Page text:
The yield from your passion fruit plants will gradually drop with time. If the vines have been standing for at least three years, you are likely to see a drastic drop in the yield of your passion fruit plants and it is therefore advisable to replant them after this duration.
This drastic drop in the yield will most likely occur in the regions with punishing climates or where there is a high incidence of the diseases and pests that affect passionfruit plants. Over time, that vigorous growth and harvest is stunted and the plant is unable to hit its previous yields even if you apply fertilisers.
If you are not ready to replant, you can also apply some good crop husbandry in order to boost the yield of passion fruit vines. For example, make sure that you prune off the old and unproductive dead wood and shoots on the passion fruit vines. Remove all the secondary shoots that touch the ground and make sure you offer the passion fruit plant’s laterals excellent support through the trellis. It is these parts that bear the fruit and if they are not adequately supported, your yield is going to suffer.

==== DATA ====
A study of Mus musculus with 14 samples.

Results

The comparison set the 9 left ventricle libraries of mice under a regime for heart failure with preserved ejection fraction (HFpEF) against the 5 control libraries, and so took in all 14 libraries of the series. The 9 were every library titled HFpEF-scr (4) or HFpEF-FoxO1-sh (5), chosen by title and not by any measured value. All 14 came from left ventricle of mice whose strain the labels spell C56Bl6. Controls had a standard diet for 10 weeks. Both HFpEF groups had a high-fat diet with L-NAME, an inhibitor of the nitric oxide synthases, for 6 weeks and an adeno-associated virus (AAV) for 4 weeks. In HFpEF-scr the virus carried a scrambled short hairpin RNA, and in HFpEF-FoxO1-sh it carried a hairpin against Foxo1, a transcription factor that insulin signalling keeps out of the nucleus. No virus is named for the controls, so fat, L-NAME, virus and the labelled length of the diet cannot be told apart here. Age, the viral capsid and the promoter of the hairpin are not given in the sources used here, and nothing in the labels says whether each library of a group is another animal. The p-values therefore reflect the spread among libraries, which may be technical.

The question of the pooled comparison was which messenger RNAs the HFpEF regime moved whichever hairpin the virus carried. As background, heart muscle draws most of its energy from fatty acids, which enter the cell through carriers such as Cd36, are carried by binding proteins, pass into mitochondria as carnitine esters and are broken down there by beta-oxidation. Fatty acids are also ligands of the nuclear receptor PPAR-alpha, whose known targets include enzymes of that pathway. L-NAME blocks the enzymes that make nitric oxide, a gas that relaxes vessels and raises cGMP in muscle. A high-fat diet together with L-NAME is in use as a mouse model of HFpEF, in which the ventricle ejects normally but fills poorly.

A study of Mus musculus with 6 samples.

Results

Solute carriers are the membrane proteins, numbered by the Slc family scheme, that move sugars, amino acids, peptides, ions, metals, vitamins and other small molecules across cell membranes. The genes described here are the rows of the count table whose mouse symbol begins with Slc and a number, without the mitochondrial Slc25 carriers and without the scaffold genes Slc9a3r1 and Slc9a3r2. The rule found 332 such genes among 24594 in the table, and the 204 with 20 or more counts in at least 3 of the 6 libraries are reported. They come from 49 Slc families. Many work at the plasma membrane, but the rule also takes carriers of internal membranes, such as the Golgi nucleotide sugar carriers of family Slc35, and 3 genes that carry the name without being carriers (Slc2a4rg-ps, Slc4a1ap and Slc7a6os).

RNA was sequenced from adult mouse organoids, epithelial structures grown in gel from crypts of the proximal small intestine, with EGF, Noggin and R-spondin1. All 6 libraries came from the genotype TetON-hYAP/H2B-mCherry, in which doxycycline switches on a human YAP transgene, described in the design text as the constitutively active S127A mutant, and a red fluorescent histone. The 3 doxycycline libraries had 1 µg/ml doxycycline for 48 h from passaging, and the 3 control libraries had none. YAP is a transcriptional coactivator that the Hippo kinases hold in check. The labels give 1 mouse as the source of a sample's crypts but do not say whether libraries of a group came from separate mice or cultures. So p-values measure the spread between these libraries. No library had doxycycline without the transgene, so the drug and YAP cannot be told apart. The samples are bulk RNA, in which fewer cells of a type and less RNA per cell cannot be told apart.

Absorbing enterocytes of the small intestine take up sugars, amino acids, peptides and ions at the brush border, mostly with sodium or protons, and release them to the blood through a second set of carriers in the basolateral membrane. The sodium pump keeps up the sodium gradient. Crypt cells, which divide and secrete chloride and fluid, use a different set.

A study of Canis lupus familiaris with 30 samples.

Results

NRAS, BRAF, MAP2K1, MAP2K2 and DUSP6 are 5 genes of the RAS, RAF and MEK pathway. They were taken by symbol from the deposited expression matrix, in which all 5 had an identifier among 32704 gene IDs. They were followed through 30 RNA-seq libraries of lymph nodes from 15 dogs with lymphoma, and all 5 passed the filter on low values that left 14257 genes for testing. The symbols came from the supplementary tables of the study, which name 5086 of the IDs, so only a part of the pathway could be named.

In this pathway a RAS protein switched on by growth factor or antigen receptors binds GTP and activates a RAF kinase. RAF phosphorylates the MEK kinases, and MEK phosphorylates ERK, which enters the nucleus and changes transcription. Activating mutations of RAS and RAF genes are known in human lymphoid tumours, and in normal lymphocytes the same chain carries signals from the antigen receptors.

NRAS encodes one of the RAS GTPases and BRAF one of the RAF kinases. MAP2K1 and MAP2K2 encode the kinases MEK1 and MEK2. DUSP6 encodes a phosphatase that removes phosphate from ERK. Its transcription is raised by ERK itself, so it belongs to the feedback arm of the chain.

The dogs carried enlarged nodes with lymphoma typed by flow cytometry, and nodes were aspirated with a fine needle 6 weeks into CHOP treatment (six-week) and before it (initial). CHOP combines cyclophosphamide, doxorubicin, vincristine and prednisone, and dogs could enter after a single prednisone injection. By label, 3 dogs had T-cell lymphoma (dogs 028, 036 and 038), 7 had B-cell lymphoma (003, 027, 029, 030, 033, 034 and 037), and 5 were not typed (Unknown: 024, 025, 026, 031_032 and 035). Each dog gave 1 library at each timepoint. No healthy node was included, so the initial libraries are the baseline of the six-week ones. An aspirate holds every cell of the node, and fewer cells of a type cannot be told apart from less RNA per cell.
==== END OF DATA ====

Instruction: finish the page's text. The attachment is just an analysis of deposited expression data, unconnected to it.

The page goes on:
When pruning your passion fruit vines, wash your hands with a disinfectant and make sure that the equipment or tools that you are using to prune off the plant is also disinfected. This will prevent the spread of diseases through all your passion fruit plants.
It is also advisable to apply fertilizers on a regular basis but don’t overdo. Add some compost at the root of the passion fruit plants. These not only retain the moisture but the organic matter also nourishes the passion fruit plant. You can also apply the foliar feed sprays every month after you have planted the passion fruit plant. Continue applying this for at least three months.
Finally, apply some fungicides on your passion fruit plants to kill off most of the fungal diseases that are likely to stunt the growth of your passion fruit plants and your yields. This will also forestall any future fungal disease outbreaks.
Get more passion fruit farming tips via our Passion Fruit Farming Handbook.